HISTORY OF THE LEAGUE
A football reporter first suggested the formation of a Downs Football League and his idea appealed to Mr.Sidney Stratford, the Secretary of Clifton Athletic, who had been playing friendly matches on the Downs.
The first meeting was held on March 27th 1905, but it was not until Mr. J.B. Issacs and Mr. F.M. Giles called the first Annual General Meeting at the Kingsdown Guild on the 6th July 1905, that the League was inaugurated. Arthur Chappelle who along with Sidney Stratford served for the League for over 50 years, proposed there should be three divisions of ten teams, which was accepted.
The Downs League prospered and between the two World Wars several well known names emerged. One of them was Norman Hardy, who played for St.Andrews and was also a fast bowler for Somerset.
His tragic death occured during a GFA Cup replay against Fishponds. He was taken ill and collapsed in the dressing rooms. Money was raised by the St.Andrews players for a cup in his memory. It was appropiate that St. Andrews were the first winners in 1925-1926.
Downs League Fans
The other personalities who have enjoyed Downs League football include Test Cricketers; Wally Hammond, Jack Crapp and David Allen for England, while Charlie Drace was a Gloucestershire player who represented New Zealand. Tony Brown, Colin Mitchell, Dennis A’Court, Harold Jarman and David Graveney have all played County Cricket.
Three Goalkeepers, Syd Morgan, Con Sullivan and Tony Cook went onto play for Bristol City. Kenny Stephens left Phildown Rovers for West Bromwich Albion where he played First Division Football before returning to Bristol Rovers. Roger Kirby who played over 1,000 Downs League games, captained the Gloucestershire FA County side and on three occassions a FA eleven.
Downs League Treasurer, Dave Josham, who refereed the first FA Cup semi-final to be shown on live TV, has died aged 60 on June 2007.
Dave, who had been treasurer for many seasons, first refereed on the Downs in the 1970s and quickly rose through the ranks on to the Western League, before progressing on to the Football League. One of the highlights of his refereeing career came when he officiated at the first FA Cup semi final to be shown live on television in 1990.
The match between Crystal Palace and Liverpool at Villa Park ended up as a famous 4-3 win for the Eagles after extra time. Apart from looking after the league’s finances, Dave took an active part in helping the younger referees on the Downs to develop.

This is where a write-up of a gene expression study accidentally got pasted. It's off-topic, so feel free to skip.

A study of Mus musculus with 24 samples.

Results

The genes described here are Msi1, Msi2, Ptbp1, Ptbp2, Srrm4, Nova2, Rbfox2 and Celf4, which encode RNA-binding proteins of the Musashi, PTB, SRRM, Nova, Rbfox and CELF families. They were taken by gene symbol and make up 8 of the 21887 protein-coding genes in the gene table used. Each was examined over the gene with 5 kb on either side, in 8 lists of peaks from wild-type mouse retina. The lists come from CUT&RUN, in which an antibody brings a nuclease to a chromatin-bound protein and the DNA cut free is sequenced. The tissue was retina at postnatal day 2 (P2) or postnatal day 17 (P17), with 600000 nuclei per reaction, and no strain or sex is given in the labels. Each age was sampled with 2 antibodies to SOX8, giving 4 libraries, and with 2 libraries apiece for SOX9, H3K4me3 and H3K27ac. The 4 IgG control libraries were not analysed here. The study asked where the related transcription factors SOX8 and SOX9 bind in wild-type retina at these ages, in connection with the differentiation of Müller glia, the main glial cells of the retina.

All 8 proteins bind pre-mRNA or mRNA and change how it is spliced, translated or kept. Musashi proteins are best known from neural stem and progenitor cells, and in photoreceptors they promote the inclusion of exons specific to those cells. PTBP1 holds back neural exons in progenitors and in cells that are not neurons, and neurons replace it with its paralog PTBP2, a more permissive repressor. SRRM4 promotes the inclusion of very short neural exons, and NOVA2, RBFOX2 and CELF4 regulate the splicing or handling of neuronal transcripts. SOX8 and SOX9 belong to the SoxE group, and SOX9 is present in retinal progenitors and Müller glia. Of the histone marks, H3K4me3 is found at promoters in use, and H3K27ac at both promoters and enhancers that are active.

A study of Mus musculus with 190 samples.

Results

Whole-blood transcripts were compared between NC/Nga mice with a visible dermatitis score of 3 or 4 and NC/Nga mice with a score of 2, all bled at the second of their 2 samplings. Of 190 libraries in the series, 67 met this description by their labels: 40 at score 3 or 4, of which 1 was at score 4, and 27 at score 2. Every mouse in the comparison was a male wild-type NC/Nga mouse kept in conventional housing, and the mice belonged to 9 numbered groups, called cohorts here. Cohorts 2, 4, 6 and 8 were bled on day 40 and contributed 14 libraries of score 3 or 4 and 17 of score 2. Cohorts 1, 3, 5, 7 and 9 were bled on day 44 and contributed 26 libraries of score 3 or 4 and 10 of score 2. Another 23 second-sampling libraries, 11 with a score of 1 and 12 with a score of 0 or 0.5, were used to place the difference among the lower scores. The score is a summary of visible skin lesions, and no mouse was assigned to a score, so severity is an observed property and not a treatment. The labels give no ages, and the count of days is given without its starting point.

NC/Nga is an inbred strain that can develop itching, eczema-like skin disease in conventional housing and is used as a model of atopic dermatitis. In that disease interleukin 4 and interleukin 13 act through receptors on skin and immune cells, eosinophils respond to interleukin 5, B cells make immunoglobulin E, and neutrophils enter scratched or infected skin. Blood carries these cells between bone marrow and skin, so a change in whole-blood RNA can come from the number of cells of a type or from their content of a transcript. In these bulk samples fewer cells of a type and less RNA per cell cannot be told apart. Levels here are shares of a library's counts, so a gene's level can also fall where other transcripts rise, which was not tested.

The Downs League is in mourning after the death of president Peter Gault in 2003. Mr Gault, affectionately known as “Jock” by the many members of the league who knew and admired him, had been ill for some time.
Peter Gault came to Bristol in the 1940s to work in a hospital after leaving the RAF.
A big football fan he soon joined the Downs League as a goalie and outside left for the Twyford House team.
According to current vice president and life member Mervyn Baker, he was not the best of players, but soon became an invaluable member of the league.
“I remember him as a goalie when I played against him,” said Mr Baker.
“He was an average goalie, but became a top class administrator.
Mr Gault remained with the league, in a variety of roles, throughout his life. He was chairman between 1973 and 1991 and in 1980 was awarded the highly prized Henry Newman Trophy for referees within the league.
He was vice president of the Clifton St Vincent and Sneyd Park teams and also helped with youth teams. His work was crowned by his appointment as president of the Downs League in 1996.
“He was a very popular man at league meetings, though being Scots we often had a job to understand him,” said Mr Baker.
“He served football very well indeed and we were very fortunate to get his support.
“He will be very sorely missed.”
A statement from the league added: “The league sends its condolences to his widow, Hilda, as well as their children and grandchildren.”